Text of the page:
At 5:58 p.m. Wednesday, the sun will cross the equator on its journey north and the spring equinox will arrive in South Jersey. A few hours later, a supermoon puts the whipped cream on top of that free cone of water ice you may receive.
Beggars can’t be choosers came to my mind when writing this article. On one hand, our days have generally been filled with plenty of bright blue sunshine. On the other hand, temperatures, with the exception of last Friday (for some) have not hit spring fever levels. We will see a little bit of that, though, as we get through the seven-day forecast.
Temperatures on Wednesday will start a little on the cooler side. Expect low 20s out in Hammonton with around 32-degree weather on Long Beach Island. The clear sky and light winds will help promote quick cooling overnight, which was stunted at the shore due to the milder ocean water.
Throughout the day, it will be nice enough to take in a walk in the park, do some outdoor garden prep or outdoor work. High temperatures will be in the low 50s west of the parkway. A gentle southeast wind will make the shores stay in the mid 40s, albeit with plenty of morning sun all around.
After three and a half months of South Jersey Snow Specials, the South Jersey Snow Sweepstak…
The afternoon will see a blanket of high clouds fill in overhead. We’ll call it filtered sunshine, and when 5:58 p.m. does come to pass, you’ll still be able to see a little sun.
The clouds will then thicken Wednesday night. The full worm moon will occur just a few hours later, and it will be a supermoon, meaning it appears slightly brighter and bigger than other full moons.
According to the Old Farmer’s Almanac, the full worm moon name, which is the last full moon of March, comes from Native Americans because it occurs at a time of year when the ground is softening, and earthworm casts (worm manure) start to reappear.
Also, according to the almanac, the last time there was a full worm moon on the spring equinox was March 20, 1981. On that day at Atlantic City International Airport, it was 36 degrees for the high, 18 for the low with a trace of snow. Which do you prefer?
The Super Blue Blood Moon came to New Jersey for the first time since 1866 on Wednesday. Sin…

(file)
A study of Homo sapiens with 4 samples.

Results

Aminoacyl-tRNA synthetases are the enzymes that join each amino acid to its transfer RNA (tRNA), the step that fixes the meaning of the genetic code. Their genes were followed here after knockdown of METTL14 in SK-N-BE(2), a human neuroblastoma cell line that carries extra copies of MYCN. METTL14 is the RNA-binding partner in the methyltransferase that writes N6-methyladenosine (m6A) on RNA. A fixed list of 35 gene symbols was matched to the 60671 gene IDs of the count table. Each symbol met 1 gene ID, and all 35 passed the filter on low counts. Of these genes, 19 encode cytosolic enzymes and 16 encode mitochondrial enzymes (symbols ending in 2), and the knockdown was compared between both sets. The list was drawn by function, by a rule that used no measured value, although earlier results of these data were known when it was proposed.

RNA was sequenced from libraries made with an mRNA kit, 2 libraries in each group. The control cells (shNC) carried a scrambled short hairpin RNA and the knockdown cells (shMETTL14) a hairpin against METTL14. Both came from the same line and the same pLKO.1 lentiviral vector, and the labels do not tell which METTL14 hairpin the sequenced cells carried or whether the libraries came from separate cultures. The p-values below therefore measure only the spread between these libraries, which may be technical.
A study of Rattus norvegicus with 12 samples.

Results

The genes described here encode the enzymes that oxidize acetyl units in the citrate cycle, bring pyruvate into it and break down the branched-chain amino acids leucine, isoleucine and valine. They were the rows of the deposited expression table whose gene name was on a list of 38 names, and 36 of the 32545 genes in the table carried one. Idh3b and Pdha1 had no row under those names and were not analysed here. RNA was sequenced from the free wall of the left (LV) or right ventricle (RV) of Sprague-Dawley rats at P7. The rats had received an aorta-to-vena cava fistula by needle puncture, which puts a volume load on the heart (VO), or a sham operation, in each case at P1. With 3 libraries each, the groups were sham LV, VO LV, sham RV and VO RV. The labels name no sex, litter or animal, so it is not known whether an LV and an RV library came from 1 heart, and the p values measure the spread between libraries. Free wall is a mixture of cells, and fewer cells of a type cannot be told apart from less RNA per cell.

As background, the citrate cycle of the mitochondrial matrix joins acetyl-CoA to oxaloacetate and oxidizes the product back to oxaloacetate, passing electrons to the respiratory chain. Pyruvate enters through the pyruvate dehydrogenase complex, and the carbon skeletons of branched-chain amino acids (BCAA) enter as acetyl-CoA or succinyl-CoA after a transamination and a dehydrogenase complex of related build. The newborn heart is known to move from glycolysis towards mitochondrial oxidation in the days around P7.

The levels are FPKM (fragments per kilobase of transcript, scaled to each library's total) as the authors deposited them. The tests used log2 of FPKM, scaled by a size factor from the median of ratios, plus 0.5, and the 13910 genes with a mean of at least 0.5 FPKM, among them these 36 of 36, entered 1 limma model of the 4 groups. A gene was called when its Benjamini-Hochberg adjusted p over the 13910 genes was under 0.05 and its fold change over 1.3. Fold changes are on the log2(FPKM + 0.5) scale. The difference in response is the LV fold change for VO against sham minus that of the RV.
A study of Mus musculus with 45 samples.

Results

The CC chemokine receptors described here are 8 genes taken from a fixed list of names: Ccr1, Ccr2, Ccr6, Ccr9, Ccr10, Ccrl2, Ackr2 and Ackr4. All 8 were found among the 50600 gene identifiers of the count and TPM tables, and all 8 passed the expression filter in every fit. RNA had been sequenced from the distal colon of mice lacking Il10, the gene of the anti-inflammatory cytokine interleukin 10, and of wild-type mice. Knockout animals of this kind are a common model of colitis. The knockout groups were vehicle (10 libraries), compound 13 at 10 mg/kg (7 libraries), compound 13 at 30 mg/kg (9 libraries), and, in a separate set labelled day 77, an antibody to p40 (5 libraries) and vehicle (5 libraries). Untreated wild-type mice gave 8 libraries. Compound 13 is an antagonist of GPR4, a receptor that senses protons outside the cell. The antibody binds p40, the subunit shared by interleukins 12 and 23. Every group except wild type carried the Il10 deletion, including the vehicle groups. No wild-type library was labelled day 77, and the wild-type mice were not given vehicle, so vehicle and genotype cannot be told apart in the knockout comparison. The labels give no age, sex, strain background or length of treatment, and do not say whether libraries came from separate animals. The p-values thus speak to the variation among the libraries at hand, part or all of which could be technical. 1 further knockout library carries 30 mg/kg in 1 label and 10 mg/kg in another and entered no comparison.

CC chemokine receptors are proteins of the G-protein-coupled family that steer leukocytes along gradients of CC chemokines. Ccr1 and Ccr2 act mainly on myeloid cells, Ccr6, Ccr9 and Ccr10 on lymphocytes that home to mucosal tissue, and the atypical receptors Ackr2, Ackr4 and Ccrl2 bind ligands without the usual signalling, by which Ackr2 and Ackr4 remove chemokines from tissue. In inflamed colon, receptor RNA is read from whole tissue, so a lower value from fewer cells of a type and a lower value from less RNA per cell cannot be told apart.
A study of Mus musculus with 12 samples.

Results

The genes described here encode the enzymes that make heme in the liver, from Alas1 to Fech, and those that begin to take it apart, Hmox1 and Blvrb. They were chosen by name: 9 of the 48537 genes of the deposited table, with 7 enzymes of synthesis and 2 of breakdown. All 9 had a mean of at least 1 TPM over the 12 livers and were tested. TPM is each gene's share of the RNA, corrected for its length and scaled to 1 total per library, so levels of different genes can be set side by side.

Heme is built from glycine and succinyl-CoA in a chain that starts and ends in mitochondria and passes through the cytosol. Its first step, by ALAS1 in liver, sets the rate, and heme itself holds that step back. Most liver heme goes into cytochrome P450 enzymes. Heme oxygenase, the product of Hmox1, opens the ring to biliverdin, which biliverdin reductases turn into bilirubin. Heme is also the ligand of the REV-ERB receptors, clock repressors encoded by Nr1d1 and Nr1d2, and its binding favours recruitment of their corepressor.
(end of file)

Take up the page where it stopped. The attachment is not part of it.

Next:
Thursday is looking wetter. A cold front to the west will likely capture the energy of a coastal storm to the south and pull it into the region. The low pressure will pass over or very near our area.
Rain looks to begin between 7 and 10 a.m. The rain will then continue all throughout the day as a stiff southeast wind blows around 15 mph. The rain does not look overly heavy, but it should be enough to cancel all outdoor work. The rain will end during the evening.
We will have to reintroduce coastal flooding back into the equation. Something, thankfully, we have not had to deal with much this March. Minor flood stage will be likely during both high tides, due to the full moon and the southeast wind. In minor flood stage, the ocean side roads stay water-free, but the bayside block or two will have water on them.
Move your cars if you need to, and do not drive through flood water, as it is salt water.
We will close out the workweek windy. Strong north to northwest winds will blow behind the storm. Gusts in the 40s will be likely. Once you go above 45 mph gusts, you start to entertain the idea of localized power outages and tree damage. This will come with a mostly cloudy sky.
We do not dive back into the winter chill, though. Highs will be around 50 degrees after a morning low around 40. A rain shower will not be ruled out, but I do not believe it will be a high enough risk to include it in the seven-day graphic.
Just 65 more days until the start of Memorial Day weekend!